In complex family relationship, the gift of juicer unexpectedly helps peace flow
I was perfectly happy with my old juicer. A compact Juiceman Jr. that I bought for $12 at a thrift store was all I needed for the occasional apple ginger chard juice I’d make with extra greens from the garden or to help get rid of that 15-pound bag of grapefruit I found on sale.
But when my grandmother recently purged her belongings and moved to Austin, she gave me her old Champion, a beast of a machine that’s more like a jet engine than juicer.
If you’ve been reading this column, this isn’t the grandmother with the 19th-century bread knife who makes killer peach pies back in my small hometown in Missouri. This is my dad’s mom, to whom, quite frankly, I’ve never been that close because their relationship has been so complicated. With little communication through the majority of my life, I didn’t know much about her, and she didn’t know much about me, that is, until the past few years when she and my dad started to rebuild their relationship.
After her husband died in April, she moved to Austin to be closer to my aunt. She brought with her the Champion and the red, shag-lined cover she sewed for it that makes it look like a Scottish terrier standing on the kitchen counter. Why? To give to me. (She
kept the matching toaster cover.)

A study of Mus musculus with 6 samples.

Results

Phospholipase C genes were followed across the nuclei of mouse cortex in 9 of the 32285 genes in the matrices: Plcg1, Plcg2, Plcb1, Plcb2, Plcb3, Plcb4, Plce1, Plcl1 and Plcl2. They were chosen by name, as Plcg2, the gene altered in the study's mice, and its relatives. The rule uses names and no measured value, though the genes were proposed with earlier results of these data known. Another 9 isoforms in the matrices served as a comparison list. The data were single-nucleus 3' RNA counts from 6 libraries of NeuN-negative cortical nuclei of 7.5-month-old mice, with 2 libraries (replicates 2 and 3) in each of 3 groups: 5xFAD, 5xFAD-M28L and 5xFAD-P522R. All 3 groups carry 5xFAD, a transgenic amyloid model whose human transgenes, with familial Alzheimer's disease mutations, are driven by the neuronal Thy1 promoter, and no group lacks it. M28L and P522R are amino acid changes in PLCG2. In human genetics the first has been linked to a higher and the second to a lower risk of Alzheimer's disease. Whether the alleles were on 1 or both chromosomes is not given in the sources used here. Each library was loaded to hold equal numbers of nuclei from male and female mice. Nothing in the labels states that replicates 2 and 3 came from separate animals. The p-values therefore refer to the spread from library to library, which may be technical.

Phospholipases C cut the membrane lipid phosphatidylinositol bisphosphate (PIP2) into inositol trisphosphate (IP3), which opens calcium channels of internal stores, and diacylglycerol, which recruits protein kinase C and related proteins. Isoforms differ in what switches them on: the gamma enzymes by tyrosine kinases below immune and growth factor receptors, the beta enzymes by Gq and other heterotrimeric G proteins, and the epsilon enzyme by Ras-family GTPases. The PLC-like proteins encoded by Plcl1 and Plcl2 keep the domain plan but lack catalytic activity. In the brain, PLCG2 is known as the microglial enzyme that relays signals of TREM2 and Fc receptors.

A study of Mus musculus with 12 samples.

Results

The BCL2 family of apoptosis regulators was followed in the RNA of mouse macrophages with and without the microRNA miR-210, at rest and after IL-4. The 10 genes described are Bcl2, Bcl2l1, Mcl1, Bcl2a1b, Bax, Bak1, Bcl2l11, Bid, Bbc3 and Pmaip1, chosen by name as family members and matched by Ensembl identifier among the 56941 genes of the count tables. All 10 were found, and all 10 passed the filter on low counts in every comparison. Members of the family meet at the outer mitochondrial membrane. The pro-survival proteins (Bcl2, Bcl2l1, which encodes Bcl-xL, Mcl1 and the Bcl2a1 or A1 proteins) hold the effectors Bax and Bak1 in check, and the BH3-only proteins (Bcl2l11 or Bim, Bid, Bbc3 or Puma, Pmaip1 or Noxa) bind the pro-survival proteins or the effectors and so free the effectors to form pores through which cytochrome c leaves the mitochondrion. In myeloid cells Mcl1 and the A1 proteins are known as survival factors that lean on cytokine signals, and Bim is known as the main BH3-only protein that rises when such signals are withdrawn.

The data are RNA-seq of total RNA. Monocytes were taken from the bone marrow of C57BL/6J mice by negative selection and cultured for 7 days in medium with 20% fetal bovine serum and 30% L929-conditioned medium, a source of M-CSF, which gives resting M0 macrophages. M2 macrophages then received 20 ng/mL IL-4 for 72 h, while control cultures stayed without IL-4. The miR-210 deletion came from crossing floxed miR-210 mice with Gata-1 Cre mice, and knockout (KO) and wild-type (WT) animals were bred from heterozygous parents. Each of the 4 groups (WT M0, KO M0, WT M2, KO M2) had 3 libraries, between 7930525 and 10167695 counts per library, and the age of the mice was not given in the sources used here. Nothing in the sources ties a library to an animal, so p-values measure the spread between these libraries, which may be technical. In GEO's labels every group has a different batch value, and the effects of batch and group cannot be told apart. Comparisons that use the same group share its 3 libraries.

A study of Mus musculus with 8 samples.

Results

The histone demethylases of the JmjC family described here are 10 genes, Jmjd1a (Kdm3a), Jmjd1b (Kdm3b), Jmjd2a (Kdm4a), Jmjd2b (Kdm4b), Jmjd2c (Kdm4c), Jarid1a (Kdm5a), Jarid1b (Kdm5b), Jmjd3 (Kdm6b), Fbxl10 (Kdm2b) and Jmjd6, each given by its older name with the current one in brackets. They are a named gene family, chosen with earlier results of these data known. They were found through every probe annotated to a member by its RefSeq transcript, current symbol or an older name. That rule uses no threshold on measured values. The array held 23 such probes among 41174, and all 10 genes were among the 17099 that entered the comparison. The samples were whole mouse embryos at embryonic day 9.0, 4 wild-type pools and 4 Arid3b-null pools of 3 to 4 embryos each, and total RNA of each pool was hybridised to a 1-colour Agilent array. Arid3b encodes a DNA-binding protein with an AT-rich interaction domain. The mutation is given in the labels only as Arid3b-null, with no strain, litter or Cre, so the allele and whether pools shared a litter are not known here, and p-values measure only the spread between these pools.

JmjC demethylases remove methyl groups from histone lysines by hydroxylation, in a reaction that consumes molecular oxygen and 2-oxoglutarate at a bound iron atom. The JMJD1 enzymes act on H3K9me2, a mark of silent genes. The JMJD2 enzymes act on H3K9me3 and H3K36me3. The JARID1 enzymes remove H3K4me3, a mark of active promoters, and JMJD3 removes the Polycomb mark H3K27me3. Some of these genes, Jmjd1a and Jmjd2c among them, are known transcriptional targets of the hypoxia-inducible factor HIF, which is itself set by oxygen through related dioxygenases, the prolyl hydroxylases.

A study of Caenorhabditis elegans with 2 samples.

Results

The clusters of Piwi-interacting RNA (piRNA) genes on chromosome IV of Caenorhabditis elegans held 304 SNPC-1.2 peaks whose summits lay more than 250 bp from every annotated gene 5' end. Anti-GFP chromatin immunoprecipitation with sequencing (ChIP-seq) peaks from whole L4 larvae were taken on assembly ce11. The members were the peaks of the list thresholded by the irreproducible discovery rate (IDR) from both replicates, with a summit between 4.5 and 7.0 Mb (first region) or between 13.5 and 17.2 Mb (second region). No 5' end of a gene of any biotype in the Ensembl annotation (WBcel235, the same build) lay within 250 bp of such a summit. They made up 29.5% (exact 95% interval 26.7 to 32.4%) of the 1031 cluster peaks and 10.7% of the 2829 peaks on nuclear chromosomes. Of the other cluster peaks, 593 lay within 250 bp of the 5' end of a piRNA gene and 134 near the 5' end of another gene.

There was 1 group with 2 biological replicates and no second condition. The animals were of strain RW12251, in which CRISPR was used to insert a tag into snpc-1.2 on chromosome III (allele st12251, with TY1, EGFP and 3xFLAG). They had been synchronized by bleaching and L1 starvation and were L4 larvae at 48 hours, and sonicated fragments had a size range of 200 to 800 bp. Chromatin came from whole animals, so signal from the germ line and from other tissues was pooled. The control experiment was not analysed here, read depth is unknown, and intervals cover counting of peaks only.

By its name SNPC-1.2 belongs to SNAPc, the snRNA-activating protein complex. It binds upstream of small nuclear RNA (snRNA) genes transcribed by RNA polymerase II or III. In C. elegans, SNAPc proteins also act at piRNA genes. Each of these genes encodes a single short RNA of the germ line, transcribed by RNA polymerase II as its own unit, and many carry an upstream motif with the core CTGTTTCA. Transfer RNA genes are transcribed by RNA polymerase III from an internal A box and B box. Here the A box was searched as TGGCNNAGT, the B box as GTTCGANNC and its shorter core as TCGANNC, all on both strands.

If food can be a language of love, so can food gadgetry. Like most grandmothers, Mimi speaks food (her macaroni and cheese and meatloaf are particularly eloquent), but it’s easier, physically, on her now to give me something that I’ll use again and again to feed myself and my family.
The juicer, it seems, was her peace offering. She might not see it that way, but I do. For the first time since I was 6, we’re living in the same state and are now both finally willing to get to know each other as adults. After the long, rocky road that led our family to where we are, Mimi and I are essentially starting our relationship from scratch.
It’s only been a few weeks since she moved down here, but in that time, we’ve seen each other more than we did during my entire adolescence. I’ll drop by her house on the way to an interview in her far North Austin neighborhood. My husband and son are no longer strangers whose names she confuses. I’ll call her, mid-juicing, to ask a question even if I don’t really need the answer.
I admit that the first time I tried to use my new juicer, I regretted giving the old one away. My grandmother’s heavy machine is hard to move in and out of the kitchen, and its parts are harder to clean, but it grinds foods, including nuts, far better than my little thrift-store juicer could and even allows you to puree them for soups. I’m slowly adjusting to this unwieldy presence in my kitchen that I’m beginning to realize I didn’t even know I needed.
Carrots, cucumbers and cantaloupe make up a fresh glass of nutrients. I’ve expanded my juicing horizons since getting a better juicer.